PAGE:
EU competition regulators are seeking information from 400 companies to establish if there are problems in the market for voice assistants such as Alexa and Siri and other internet-connected devices that could lead to antitrust cases.
The European Commission has opened similar inquiries in the past into sectors such as e-commerce, pharmaceuticals, financial services and energy that led to cases against companies and eventually hefty fines, Reuters reported.
Consumers will interact with voice assistants on over 8.4 billion devices by 2024; growing 113 percent compared to the 4.2 billion devices expected to be in use by year end 2020.
The number of voice assistant devices in Europe will only exceed North America by 2022, and then only marginally, thanks to fewer devices being launched into those markets. Monetisation of the voice assistants themselves remains a challenge, Juniper Research said.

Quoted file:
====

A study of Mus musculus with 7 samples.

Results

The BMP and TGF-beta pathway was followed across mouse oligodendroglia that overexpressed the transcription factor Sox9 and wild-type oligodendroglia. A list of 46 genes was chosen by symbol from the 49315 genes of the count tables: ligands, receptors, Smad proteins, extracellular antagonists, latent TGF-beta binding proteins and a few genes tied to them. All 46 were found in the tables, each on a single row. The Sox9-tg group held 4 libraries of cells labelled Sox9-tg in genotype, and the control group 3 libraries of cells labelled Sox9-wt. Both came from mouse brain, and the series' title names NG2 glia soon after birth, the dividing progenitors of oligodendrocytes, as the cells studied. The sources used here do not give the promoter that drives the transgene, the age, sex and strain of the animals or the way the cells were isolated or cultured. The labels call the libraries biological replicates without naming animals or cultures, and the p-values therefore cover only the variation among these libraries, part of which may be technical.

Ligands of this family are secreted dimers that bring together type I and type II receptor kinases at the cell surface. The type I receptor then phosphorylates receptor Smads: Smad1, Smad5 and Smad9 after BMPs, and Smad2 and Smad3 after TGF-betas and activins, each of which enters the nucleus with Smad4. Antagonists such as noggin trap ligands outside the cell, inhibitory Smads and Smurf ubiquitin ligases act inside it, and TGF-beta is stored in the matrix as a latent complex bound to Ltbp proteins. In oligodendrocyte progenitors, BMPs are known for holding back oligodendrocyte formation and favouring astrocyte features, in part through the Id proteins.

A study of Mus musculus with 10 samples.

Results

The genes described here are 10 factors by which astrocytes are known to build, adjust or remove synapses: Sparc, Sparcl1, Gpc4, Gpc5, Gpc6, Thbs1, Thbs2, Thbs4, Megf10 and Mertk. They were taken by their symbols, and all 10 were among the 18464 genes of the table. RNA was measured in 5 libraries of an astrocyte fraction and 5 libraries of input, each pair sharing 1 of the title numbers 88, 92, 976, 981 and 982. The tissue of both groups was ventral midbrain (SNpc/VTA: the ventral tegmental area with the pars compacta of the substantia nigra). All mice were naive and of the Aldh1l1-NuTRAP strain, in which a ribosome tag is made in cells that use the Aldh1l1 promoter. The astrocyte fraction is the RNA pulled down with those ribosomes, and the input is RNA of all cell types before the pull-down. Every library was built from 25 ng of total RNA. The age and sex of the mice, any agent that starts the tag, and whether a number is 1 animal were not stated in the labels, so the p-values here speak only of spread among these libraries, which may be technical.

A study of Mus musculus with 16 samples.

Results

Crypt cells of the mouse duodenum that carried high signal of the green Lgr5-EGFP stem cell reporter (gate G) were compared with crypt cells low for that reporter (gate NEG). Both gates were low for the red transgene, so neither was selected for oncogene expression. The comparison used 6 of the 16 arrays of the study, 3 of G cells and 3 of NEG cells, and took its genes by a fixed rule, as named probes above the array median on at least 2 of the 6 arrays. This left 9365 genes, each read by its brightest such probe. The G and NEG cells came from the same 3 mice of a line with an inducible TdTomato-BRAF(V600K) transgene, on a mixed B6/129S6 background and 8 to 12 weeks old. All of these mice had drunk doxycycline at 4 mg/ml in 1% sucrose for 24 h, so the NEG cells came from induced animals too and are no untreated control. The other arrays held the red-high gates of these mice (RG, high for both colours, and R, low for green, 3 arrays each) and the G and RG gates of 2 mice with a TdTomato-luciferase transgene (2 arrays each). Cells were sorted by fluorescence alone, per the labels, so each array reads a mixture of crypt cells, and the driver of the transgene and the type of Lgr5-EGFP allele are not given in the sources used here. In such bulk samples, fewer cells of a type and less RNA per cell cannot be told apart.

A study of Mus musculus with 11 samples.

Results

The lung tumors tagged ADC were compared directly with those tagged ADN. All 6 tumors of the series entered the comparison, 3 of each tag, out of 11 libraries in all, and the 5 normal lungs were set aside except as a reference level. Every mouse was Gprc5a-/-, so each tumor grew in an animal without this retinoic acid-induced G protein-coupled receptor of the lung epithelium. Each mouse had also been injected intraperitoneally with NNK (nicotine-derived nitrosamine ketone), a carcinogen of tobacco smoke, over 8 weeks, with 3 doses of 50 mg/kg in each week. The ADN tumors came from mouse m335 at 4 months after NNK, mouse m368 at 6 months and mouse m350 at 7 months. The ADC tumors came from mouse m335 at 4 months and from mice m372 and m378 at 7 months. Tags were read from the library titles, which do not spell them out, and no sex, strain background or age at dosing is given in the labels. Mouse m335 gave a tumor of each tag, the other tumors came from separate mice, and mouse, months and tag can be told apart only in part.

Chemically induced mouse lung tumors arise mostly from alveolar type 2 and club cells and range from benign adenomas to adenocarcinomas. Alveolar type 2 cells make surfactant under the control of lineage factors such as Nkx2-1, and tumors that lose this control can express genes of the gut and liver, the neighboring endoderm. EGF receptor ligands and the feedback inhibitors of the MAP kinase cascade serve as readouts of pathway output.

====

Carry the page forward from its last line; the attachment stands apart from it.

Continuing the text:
Amazon’s Alexa, Apple’s Siri and Alphabet’s Google Assistant are among the most popular voice assistant devices.
“It sends an important message to powerful operators in these market that we are watching them and that they need to do business in line with competition rules,” European Competition Commission Margrethe Vestager told a news conference.
The EU executive said its interest was prompted by the large amounts of user data involved in consumer “internet of things” devices and it wanted to make sure market players did not use their control of such data to hurt competition or thwart rivals.
“Interoperability is of the essence if we want to make this market accessible,” Vestager said.
Vestager, who can fine companies up to 10 percent of their global turnover for breaching EU antitrust rules, has made the tech industry the centrepiece of her enforcement efforts, taking on Google, Apple, Amazon and Facebook in recent years.